Fed Cuts Interest Rates; Consumers Can Expect Savings On New Cars, Homes
Posted January 2, 2001 6:00 a.m. EST
DURHAM — Have you been admiring a shiny, new car or a big, beautiful home? Both just got a little easier for you to afford Wednesday. For the first time in two years, theFederal Reservemight have saved you big bucks on the money you borrow.
Credit counselors say low interest rates can add up to big savings for most of us. If you like to charge items, then expect to see a small savings on your next bill. If you are looking for a new credit card, you may really be able to find a good deal.
"I imagine folks will see a difference. It won't be a big difference, but it'll be a difference," says credit counselor Mike Farrell. "For me, I look for a fixed rate, not an introductory rate. I don't mess around with introductory rates."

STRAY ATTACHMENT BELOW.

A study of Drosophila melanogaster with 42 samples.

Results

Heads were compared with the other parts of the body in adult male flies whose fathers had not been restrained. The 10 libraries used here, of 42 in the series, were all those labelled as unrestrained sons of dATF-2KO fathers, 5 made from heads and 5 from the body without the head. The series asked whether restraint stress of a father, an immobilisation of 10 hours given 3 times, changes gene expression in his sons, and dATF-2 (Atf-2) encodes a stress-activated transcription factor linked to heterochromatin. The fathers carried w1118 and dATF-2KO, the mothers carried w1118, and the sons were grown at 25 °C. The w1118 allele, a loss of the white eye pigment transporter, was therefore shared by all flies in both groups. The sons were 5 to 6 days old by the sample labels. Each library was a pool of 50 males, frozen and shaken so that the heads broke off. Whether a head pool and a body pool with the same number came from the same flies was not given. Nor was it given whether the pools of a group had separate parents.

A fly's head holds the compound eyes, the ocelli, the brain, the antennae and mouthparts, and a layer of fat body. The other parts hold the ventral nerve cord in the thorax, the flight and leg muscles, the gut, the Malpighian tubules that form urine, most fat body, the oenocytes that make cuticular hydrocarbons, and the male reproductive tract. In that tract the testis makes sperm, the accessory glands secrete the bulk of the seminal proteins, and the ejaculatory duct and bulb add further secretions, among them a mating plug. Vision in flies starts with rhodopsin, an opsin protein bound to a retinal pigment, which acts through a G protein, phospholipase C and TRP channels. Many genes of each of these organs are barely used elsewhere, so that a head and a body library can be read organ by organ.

If you are thinking about a student loan or perhaps interested in a new car, the low rates should fuel a flurry savings at car dealerships. However, the best place to pad your wallet may be right at your front door.
Mortgage lenders say now is a good time to think about re-financing if the new rates will save you more than a percentage point in interest, and if you are planning to stay put for another four to five years.
"It depends on the loan amount, but usually the savings is $100 a month. That's a nice savings," says mortgage lender Bill Kerns.
If you have been thinking about buying a car or a house or just refinancing, this could be a big window of opportunity. The Federal Reserve has its regularly scheduled meeting at the end of the month. Some analysts think there may be more cuts to come.